Field and Lab Techniques: Germany Edition
Kristen Bishop, MCM’19 Summer Externship with the Leibniz Institute for Zoo and Wildlife Research (IZW) in Berlin
This summer, I had the ultimate pleasure of spending five and a half weeks in Germany to complete my externship for the Master’s in Conservation Medicine (MCM) program at Tufts University. While in Deutschland, I assisted with fieldwork, which included ringing (banding) and sampling nestling white-tailed sea eagles (WTSE) with the Leibniz Institute for Zoo and Wildlife Research (IZW) in Berlin. In addition, I assisted with lab work for a project monitoring avian influenza at the Friedrich-Loeffler Institute (FLI) on the island of Reims.
White-tailed Sea Eagles and Avian Influenza
The white-tailed sea eagle (Haliaeetus albicilla), a relative of the bald eagle, is a highly protected raptor species whose range spans from southern Europe to Russia. Currently, their biggest threats are anthropogenic, including train collisions and lead poisoning. In 2016 and 2017, an outbreak of highly pathogenic avian influenza (HPAI) subtype H5N8 caused a major die-off of wild and domestic birds in Germany, including the first documented infections and deaths of WTSE. Most of the birds that succumbed to the virus were juveniles, leading us to wonder if adult birds had the capability of building up resistance to HPAI. To determine if the eagles have antibodies against avian influenza, we assayed blood samples collected during fieldwork using an influenza A ELISA (enzyme-linked immunosorbent assay) kit. This can determine if the chicks receive maternal antibodies from their mothers. In addition, adult blood samples from other projects will be analyzed for influenza A antibodies.
Part 1: Field Techniques:
The first part of my externship was assisting Dr. Oliver Krone and his team at IZW with routine ringing (banding) and sampling of nestling WTSE. To do this, we had to travel between 1.5 and 3 hours to the northeastern part of the country, specifically in Mecklenburg-Western Pomerania and the island of Usedom. Once we found the nests, we used a drone to look for eggs or chicks in the nest, and estimated the age of any chicks present. If the chicks were too young, the bands would not fit their legs, and if they were too old the chicks may attempt to fly out of the nest. If there were eggs and/or chicks of proper age, a climber would ascend the tree and lower the chicks or eggs down in a canvas bag. On the ground, Dr. Krone and I would gather measurements from the chicks to assess the age and sex of the bird, band the chicks with two metal ID tags around their legs, and collect blood for further analyses. Afterwards, the confused chick was returned to the nest safe and sound. Like with all fieldwork, some days were more successful than others, but I got to help ring and sample around 20 chicks, and I loved every minute of it! It was hard work, but it was definitely worth every bug bite and scratch.
A few tips for fieldwork prep/expectations:
-Be prepared for the weather! When doing fieldwork, you are at the complete mercy of mother nature. Be sure to check the forecast before you leave so that you have rain gear, sunscreen, or whatever you may need to survive!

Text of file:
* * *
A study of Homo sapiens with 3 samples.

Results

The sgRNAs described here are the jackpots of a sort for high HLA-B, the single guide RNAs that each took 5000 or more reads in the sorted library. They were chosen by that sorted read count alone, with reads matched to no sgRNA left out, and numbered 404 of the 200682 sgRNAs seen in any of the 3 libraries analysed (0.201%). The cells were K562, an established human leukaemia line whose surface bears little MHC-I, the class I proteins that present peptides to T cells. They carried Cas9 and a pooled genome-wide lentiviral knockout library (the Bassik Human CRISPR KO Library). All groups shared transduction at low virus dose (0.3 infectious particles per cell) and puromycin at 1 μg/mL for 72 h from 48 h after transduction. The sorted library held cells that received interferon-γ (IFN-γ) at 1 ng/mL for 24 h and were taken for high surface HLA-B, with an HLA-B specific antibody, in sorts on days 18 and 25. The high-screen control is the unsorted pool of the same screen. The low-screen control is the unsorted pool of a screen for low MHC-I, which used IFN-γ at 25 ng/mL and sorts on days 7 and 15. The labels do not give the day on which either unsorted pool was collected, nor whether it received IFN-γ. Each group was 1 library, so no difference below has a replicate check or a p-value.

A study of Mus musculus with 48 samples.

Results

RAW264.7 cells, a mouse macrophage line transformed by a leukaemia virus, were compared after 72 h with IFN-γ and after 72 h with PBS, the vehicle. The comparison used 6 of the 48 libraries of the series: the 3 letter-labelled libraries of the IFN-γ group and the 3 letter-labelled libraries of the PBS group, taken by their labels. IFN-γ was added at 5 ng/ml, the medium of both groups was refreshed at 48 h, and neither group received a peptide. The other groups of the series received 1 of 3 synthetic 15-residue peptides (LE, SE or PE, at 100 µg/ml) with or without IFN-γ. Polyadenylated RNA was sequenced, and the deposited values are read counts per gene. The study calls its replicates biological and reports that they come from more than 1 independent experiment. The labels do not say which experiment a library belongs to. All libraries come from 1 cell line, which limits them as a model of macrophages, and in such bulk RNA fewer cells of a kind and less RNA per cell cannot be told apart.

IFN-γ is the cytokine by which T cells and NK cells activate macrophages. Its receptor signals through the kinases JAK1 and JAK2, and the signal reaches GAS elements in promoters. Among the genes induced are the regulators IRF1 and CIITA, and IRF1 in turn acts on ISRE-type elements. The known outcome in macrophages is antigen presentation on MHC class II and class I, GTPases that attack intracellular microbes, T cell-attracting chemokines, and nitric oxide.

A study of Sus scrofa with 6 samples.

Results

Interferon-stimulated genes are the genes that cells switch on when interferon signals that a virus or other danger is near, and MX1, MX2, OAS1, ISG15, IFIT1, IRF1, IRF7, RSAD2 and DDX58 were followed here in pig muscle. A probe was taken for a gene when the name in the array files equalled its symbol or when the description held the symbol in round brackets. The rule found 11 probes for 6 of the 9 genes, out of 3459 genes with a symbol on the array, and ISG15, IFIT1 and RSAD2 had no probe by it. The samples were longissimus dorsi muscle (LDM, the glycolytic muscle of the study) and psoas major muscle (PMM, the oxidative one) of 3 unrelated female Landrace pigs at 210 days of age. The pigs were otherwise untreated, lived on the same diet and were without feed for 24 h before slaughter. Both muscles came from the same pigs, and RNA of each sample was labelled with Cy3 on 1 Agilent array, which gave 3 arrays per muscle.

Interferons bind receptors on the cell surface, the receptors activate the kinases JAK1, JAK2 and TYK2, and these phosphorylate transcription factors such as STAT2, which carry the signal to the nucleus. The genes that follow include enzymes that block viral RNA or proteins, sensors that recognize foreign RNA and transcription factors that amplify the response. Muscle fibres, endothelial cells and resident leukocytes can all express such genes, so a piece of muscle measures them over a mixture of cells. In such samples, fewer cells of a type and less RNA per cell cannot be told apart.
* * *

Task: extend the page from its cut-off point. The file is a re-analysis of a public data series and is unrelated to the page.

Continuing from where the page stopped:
-BRING BUGSPRAY!! I made the mistake of assuming that wearing long sleeves and pants will protect you from insect bites. I was wrong. Don’t be like me (and get over 100 bites on your back alone…).
-Be open-minded and flexible! It’s hard to predict what’s going to happen each day. Some days were very productive, and others had things like empty nests or bad weather. You have to learn to roll with the punches and enjoy the successes as they come, because those days will make all of your sacrifices worth it!
-Enjoy nature! Yes, being outside in the humidity and/or rain made me miss the indoors and air conditioning, but mostly I loved spending hours in the forest away from technology and taking in all of the nature around me.
Step 2: Lab Techniques
After four weeks at IZW, I traveled by train to FLI, which is located on an island along Germany’s Baltic Coast. There I met Dr. Anja Globig, and learned about their many research projects (from African swine fever and Ebola to rabies and avian influenza), and helped start the research collaboration with IZW. Unfortunately, a delay in the shipping of the WTSE samples prevented me from doing the actual testing for the project, but I got to assist with taking blood from the sentinel mallards at FLI and running an ELISA test using their serum and egg yolks to detect influenza A virus antibodies. This trip was a nice change of pace from the bustling city of Berlin, and I learned a lot about a really cool institute.
A few tips for overall externship success:
-Be prepared for anything: Not everything that you do is going to go as planned. For example, I lost one of my only working debit cards the second day of my externship. Thankfully, I was prepared and brought copies of everything so I could get a new one shipped to me.
-Explore! Obviously, this depends on where you go and your comfort level, but make sure to make the most out of your trip. I regret spending time in my Airbnb room being afraid of getting lost/not understanding people (I don’t speak German). By the end I explored as much as possible, but I missed out at the beginning.
-Don’t be afraid to ask for help! You have a lot of support, both at Tufts and wherever you decide to go for your externship. Your mentors are there to help you, so don’t feel bad asking for directions, recommendations, or any questions!